Delbert Holmquist starting mowing yards in Pratt as a youngster, now he makes a living out of it. And business is good with all the recent rain.

Delbert Holmquist does not let the grass grow under his feet, or on many lawns in Pratt city limits. He mows it.

Fifty-four-year-old Holmquist is a familiar sight as he drives his riding lawn mower around town towing a small utility trailer with a walk-behind mower, weed eater and other essential gar- den tools.

His trailer proudly bears his business name, Delbert’s Lawn Service, and includes his phone number. It’s his life-size business card.

“It works,” he said. “Some- times people flag me down.” Currently, Holmquist has over 200 lawn customers. Some, he said, are regulars and some utilize his services off and on.
“It’s a lot of yards,” Holmquist said, a touch of pride edging his voice.

Holmquist started mowing lawns when he was a youngster. His love for mowing yards propelled him to turn it into a lifetime business, aided by a lucky break 50 years ago.
“In 1988 I won $20,000 on a lottery scratch-off ticket,” he said. “That’s how I got all my tools and stuff.”

Now Holmquist averages five yards a day and he works six days a week, reserving Sundays for at- tending services at First Baptist Church. He has been a member there for many years.

He said a church friend, Julie Bishop, helped him put signage on his work trailer a long time ago.

Holmquist said he determines which of his of mowers to use by the cus- tomer’s preference. He uses the walk-behind when clients want the clippings bagged. Some- times, the lawn layout de- termines which mower he will use and sometimes he uses both.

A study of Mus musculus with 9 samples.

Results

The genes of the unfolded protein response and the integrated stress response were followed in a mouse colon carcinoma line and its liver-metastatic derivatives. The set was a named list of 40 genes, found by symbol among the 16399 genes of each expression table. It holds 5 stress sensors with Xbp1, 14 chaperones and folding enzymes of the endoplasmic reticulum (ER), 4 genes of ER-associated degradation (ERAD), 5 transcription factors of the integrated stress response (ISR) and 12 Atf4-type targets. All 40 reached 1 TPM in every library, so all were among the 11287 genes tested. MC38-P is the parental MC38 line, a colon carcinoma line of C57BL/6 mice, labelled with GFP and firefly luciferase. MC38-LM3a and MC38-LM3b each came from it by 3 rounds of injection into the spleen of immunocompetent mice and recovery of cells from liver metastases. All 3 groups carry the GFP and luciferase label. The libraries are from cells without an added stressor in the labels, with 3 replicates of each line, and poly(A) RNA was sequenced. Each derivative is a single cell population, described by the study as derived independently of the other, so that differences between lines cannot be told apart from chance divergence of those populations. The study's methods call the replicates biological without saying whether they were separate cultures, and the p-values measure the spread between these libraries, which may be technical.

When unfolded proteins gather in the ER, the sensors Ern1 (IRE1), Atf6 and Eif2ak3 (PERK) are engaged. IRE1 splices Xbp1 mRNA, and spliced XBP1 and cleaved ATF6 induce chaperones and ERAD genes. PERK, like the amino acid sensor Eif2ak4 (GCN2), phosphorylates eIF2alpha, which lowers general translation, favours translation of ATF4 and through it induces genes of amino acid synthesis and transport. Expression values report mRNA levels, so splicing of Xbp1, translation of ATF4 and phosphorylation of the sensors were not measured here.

Whichever mower he uses, it will be a Crafts- man, even down to his utility trailer and other lawn tools.

“I’m Craftsman, all the way,” Holmquist said. “They hold up for me.”

Which is not to say, that everything always runs smoothly, all the time.

“There’s bound to be breakdowns,” he said. ”A lot of the fixes are things I can handle, but sometimes I need a new part or a trip to the repair shop.” To keep his business running without interruption, Holmquist has a second riding mower that

serves as a backup. Repair and other routine expenses, such as gas and oil, come out of his earnings, he said. Holmquist has established his fees at $30 for an av- erage-size yard. He said he establishes a price before the work is started for work that is going to ex- ceed his basic rate.

“I had to increase this year from $25 last year,” he said.

Holmquist’s work sea- son runs from April 1 to October 31.

ways thought it was the right thing to do since he did,” Barnhart said. “I started it, and I guess I re- alized the need for it and I’ve just pretty much con- tinued it all my life.”

Along with knowing the blood donations are going to people who need them, Barnhart said that donat- ing can also have med- ical benefits for donors like himself.

“My doctor said, ‘you make too much blood, you ever think about giving blood?’” Barnhart said. “So that’s really what prompted me to go to bloodmobile and give blood.”

Several years ago, an event was held to cele- brate other donors who had reached the 100- pints-of-blood mark but since whole blood donors must wait 56 days until their next donation and double red-cell donors must wait 112 days, it takes dedication and con- sistency to reach 100 pints of blood with only 1 to 2

“During the fall months, a lot of people want their leaves picked up,” Holmquist said, which is why he extends his season beyond summer. In the spring, it’s lawn cleanup that generates business for him.

Off hours, Holmquist is something of a home- body. He lives with his brother, Dwayne, and they share quarters with their cats Tinker Bell, Tinker Butt and Tiger.

As for his own lawn, the corner of North Oak and Holly Street, the grass gets mowed regularly. He likes to keep things look- ing good. It’s good for business.